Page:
Whether in-person, or done digitally as was the norm during the pandemic, the government requires UK firms and landlords to screen potential employees – who will have access to secure data when they join – and tenants to assess their eligibility to live in the UK under the Right to Rent and Right to Work schemes.
Estate agents and landlords who entrust these verification services to digital ID providers expect them to be legitimate, however while the government’s robust trust framework is in place, it currently does not mandate that solution providers that gain contracts for these checks have to be accredited by either the government or private digital ID accreditation schemes.
With scores of solution providers in the marketplace, a recent study has highlighted the number of deceiving companies looking to gain contracts with firms by mimicking language in the trust framework to align their services and gain contracts for Right to Work or Rent checks.
The Home Office is making significant strides towards making certification and accreditation mandatory in the UK to ensure the private sector is appropriately matched with verification providers that meet trust standards.
The recent research carried out by Credas Technologies identified a unique and recent surge of providers that are gaining tenders disingenuously while providing varying standards of technologies.
Despite continual assessment of the Trust Framework, it seems companies at fault will copy language that qualifies them as a “trusted” service, giving agencies and landlords that use their services the impression they are valid when they are not.
Tim Barnett, Chief Executive at Credas Technologies, commented:
“Unfortunately, in recent months we have witnessed real confusion amongst many estate and letting agents between authentic UK Government certification and those being offered by some private companies that hold themselves out to be government certified but are not.”
Digital Identity and Attributes Trust Framework
The UK’s Digital Identity and Attributes Trust Framework dominantly governs the regulatory environment in England of digital trust services. Introduced in December 2021, it is continually revised and encompasses the robust trust standards by which businesses in multiple sectors (ie. banking, travel, healthcare, media) and public authorities must abide by.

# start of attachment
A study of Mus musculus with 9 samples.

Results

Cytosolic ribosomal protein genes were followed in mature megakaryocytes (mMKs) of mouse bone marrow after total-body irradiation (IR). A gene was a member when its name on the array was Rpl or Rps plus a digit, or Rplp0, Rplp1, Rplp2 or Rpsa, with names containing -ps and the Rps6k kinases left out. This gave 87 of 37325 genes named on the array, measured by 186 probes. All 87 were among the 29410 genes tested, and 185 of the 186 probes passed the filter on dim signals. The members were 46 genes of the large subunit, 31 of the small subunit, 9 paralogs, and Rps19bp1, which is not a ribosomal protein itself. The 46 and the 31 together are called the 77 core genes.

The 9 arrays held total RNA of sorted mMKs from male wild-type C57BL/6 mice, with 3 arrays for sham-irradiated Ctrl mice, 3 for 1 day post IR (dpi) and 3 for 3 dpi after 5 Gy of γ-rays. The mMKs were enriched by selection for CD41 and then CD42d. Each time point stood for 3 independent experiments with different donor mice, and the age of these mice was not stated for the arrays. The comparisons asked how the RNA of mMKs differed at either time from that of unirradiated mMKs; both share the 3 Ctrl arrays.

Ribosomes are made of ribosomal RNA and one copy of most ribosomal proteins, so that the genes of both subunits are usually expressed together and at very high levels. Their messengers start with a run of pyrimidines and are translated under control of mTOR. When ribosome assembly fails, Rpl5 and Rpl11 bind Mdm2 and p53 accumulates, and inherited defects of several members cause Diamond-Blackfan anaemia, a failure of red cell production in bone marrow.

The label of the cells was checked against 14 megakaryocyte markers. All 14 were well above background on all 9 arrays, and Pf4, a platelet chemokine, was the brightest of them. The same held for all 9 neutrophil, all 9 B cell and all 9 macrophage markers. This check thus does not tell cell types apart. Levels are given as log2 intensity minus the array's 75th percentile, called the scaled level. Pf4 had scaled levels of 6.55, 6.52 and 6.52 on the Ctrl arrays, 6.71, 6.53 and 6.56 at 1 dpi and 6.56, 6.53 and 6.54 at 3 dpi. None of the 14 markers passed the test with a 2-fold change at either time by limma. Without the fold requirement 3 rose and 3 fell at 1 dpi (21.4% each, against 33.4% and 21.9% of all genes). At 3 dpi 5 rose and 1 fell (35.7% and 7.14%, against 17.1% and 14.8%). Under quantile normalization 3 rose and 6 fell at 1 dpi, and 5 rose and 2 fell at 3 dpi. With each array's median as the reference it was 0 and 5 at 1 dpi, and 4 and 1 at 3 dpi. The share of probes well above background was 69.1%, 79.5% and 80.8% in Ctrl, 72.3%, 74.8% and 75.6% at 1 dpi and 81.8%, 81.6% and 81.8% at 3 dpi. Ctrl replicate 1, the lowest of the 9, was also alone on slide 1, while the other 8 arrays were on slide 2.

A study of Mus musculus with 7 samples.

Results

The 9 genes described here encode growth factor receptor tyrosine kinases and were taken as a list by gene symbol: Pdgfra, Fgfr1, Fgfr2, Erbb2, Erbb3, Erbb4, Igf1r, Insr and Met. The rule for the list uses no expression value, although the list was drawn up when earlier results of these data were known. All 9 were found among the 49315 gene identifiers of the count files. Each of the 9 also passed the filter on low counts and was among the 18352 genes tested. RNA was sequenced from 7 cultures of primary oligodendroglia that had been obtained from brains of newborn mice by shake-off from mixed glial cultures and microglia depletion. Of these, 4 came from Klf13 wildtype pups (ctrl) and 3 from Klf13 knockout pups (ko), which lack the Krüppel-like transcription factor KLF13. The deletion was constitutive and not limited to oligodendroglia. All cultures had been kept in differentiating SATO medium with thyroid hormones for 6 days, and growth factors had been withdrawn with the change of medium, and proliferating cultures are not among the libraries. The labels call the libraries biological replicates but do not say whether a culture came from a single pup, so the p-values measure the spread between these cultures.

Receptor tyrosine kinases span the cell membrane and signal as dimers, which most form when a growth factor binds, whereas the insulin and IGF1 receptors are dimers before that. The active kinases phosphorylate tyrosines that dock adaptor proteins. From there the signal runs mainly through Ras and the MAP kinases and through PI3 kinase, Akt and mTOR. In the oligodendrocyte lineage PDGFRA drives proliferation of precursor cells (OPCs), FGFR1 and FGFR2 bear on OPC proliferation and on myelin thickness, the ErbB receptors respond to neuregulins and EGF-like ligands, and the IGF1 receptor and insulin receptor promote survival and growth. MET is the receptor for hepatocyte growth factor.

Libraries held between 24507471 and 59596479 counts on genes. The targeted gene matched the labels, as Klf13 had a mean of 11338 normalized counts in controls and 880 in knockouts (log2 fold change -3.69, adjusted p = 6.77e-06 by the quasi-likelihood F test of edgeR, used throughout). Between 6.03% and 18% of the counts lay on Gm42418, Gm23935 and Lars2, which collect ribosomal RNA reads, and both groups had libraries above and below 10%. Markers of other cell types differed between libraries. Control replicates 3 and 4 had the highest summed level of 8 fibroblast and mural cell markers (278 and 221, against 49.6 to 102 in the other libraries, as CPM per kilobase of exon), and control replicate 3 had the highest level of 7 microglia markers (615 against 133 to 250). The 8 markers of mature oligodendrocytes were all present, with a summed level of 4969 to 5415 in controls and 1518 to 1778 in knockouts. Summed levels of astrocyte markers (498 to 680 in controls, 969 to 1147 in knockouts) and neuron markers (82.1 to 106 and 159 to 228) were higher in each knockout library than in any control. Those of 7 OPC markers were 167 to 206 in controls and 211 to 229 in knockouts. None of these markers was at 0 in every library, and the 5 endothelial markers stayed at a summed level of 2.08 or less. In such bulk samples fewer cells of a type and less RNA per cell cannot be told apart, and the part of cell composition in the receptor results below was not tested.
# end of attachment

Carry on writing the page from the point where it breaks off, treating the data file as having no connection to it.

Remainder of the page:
The government consultation on the digital ID policy framework published formal feedback on discussions around how to increase acceptance of trusted digital identities in the ecosystem, not only domestically but also for international trade.
While Right to Work and Rent checks were digital during the pandemic, in-person checks have now resumed with the option of being carried out remotely.
The framework also outlines how IDSPs can be validated to work with companies to complete ID checks.
The Home Office prescribes the nature of the checks required and the information that must be retained by employers and landlords in order to have a statutory excuse against liability for a civil penalty.
Whilst it is not mandatory within the Schemes to use a certified IDSP for the purposes of right to work or rent checks, the Home Office recommends employers and landlords use a certified IDSP through the government or a private company scheme.
The responsibility for the check remains with the employer or landlord, and they must ensure the IDSP they select to complete the identity verification element of the check carries out a prescribed check prior to the commencement of employment or tenancy.